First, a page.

To buy, or not to buy? What people crossing the border can bring back
WINNIPEG –Whether it’s nunchucks, turtle-skin boots or throwing stars, Canadians working at the border are bound to find some strange things in shopper’s suitcases.
Travelling across the border has a few rules that not everyone is aware of, and Chief Lucy Bettencourt of the Canada Border Services Agency says there are key things to remember when coming back into Canada.
“[People] think that if they purchase things at the duty-free shop, they can bring them back without having to include it in their declaration or pay any duties and taxes,” said Bettencourt. “Which is not true.”
Travellers should also be aware of the amount of time they spend across the border. If you spend seven days shopping in America, you have an $800 limit, but if you spend less than 24 hours, no personal exemptions are allowed.
There are also items that can be purchased legally in America, but are illegal to bring back into Canada, Bettencourt pointed out.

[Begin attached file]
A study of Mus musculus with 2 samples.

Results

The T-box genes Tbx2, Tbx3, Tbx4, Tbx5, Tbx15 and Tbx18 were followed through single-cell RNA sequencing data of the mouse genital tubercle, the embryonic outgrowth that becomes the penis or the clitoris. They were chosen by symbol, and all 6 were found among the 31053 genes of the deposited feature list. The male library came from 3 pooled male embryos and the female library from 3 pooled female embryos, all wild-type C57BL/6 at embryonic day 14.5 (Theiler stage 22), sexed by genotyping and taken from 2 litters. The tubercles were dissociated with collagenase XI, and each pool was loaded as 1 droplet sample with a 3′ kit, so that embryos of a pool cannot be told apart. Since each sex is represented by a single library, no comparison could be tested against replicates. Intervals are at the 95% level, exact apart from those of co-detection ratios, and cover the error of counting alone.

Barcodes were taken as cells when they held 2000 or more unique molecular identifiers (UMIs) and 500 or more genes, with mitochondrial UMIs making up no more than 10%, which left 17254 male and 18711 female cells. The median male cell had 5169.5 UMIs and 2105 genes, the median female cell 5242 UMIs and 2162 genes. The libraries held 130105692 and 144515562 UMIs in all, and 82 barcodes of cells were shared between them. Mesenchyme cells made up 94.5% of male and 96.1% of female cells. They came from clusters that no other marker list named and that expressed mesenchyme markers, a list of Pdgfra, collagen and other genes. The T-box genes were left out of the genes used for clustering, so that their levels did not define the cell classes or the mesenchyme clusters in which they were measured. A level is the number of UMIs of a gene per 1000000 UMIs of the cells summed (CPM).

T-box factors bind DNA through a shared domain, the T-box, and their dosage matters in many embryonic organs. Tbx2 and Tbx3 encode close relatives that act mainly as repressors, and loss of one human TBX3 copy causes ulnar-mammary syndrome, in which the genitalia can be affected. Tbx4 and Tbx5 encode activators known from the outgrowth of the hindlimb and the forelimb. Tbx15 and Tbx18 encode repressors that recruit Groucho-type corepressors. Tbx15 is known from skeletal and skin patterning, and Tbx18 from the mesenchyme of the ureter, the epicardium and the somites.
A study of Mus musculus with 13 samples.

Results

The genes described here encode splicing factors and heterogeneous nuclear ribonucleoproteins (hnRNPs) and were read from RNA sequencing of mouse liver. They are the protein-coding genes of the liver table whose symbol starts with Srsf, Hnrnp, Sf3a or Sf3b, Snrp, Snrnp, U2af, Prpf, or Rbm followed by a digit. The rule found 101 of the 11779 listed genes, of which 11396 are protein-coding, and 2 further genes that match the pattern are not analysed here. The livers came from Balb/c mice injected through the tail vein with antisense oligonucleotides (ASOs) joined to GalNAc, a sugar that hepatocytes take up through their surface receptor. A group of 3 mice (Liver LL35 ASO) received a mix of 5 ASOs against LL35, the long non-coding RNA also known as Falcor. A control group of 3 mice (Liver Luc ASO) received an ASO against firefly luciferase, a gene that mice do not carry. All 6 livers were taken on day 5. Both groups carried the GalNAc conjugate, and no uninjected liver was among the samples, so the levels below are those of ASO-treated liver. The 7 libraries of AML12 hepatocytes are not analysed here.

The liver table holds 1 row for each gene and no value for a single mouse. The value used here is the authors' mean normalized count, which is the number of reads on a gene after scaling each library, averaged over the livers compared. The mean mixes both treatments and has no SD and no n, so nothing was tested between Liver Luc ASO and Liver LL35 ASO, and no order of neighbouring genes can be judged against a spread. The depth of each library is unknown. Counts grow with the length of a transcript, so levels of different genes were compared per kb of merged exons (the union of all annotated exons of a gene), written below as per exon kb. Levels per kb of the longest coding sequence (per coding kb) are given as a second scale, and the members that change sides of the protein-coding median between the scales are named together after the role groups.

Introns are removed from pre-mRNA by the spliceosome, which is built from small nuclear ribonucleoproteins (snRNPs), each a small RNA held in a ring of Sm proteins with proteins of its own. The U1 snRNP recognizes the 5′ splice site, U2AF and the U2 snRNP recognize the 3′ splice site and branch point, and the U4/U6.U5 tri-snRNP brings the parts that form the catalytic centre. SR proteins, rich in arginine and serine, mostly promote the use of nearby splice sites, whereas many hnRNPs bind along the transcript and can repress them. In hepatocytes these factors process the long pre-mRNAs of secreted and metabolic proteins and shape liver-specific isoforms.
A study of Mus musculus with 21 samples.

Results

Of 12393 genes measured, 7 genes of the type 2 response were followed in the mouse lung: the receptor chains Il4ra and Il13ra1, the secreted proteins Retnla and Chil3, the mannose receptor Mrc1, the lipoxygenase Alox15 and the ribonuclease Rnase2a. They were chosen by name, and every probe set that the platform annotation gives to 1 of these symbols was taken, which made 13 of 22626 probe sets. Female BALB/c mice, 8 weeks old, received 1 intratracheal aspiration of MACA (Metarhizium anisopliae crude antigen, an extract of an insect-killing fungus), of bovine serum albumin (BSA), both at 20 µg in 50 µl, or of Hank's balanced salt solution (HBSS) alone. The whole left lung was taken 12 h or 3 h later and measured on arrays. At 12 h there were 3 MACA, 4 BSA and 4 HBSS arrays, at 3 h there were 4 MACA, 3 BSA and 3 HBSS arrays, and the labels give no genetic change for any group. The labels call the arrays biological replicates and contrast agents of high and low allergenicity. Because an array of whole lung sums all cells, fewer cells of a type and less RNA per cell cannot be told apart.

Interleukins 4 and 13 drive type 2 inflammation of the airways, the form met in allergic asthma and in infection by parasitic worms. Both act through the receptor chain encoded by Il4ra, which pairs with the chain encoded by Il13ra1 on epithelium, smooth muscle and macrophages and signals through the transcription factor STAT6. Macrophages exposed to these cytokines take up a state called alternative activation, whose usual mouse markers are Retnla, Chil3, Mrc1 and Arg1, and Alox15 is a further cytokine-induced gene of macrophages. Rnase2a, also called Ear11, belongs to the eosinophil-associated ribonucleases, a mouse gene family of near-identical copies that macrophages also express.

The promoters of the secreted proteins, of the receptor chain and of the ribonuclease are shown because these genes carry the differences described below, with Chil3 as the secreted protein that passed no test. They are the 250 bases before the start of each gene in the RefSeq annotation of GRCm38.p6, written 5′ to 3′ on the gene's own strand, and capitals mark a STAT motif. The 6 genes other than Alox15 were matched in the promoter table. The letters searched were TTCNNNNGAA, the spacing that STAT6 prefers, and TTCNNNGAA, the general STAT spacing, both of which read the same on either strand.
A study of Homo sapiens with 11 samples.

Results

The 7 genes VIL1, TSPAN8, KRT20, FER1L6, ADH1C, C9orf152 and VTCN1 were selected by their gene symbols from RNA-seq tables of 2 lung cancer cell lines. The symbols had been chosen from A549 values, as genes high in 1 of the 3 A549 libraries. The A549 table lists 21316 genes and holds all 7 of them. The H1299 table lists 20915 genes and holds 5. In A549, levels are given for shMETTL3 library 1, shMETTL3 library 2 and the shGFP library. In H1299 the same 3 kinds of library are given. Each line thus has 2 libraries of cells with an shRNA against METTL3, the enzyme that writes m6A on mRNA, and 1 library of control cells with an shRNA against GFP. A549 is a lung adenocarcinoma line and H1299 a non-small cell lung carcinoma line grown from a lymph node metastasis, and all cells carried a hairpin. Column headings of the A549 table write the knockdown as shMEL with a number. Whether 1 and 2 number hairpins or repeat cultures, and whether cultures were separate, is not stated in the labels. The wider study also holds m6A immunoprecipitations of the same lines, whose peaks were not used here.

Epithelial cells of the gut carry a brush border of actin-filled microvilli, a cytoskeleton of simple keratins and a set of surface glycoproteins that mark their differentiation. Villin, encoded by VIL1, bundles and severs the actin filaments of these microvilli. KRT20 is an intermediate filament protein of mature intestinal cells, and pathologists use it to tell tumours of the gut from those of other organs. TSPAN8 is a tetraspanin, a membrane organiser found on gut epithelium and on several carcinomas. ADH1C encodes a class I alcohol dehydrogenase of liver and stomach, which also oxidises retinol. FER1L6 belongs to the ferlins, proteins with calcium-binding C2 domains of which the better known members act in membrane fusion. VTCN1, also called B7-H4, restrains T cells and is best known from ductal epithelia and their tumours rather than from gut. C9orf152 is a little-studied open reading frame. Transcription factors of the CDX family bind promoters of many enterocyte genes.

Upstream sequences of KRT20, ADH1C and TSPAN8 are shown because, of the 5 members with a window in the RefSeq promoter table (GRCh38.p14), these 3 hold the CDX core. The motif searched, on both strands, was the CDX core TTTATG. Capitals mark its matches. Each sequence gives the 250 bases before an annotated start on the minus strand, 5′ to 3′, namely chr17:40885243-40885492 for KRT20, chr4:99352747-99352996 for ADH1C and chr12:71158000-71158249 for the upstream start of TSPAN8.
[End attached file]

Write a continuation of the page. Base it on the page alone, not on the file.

“This one you can buy almost anywhere,” said Bettencourt, pressing the button on a small switch-blade knife, opening it instantly. “But because it’s operated with a button, it’s not permitted. A folding knife is different.”
With the holiday season in full swing, presents going to and from Canada also have rules. Even if it was a present that was given to you, you must declare it when you cross the border.
“If at all possible, have your gifts not wrapped,” said Bettencourt. “So that if we need to examine them, they’re ready and easy to access.”
For more information on border crossing, what you can bring back and any other questions, please contact the border information service at 1-800-461-9999, or visit http://www.cbsa.gc.ca.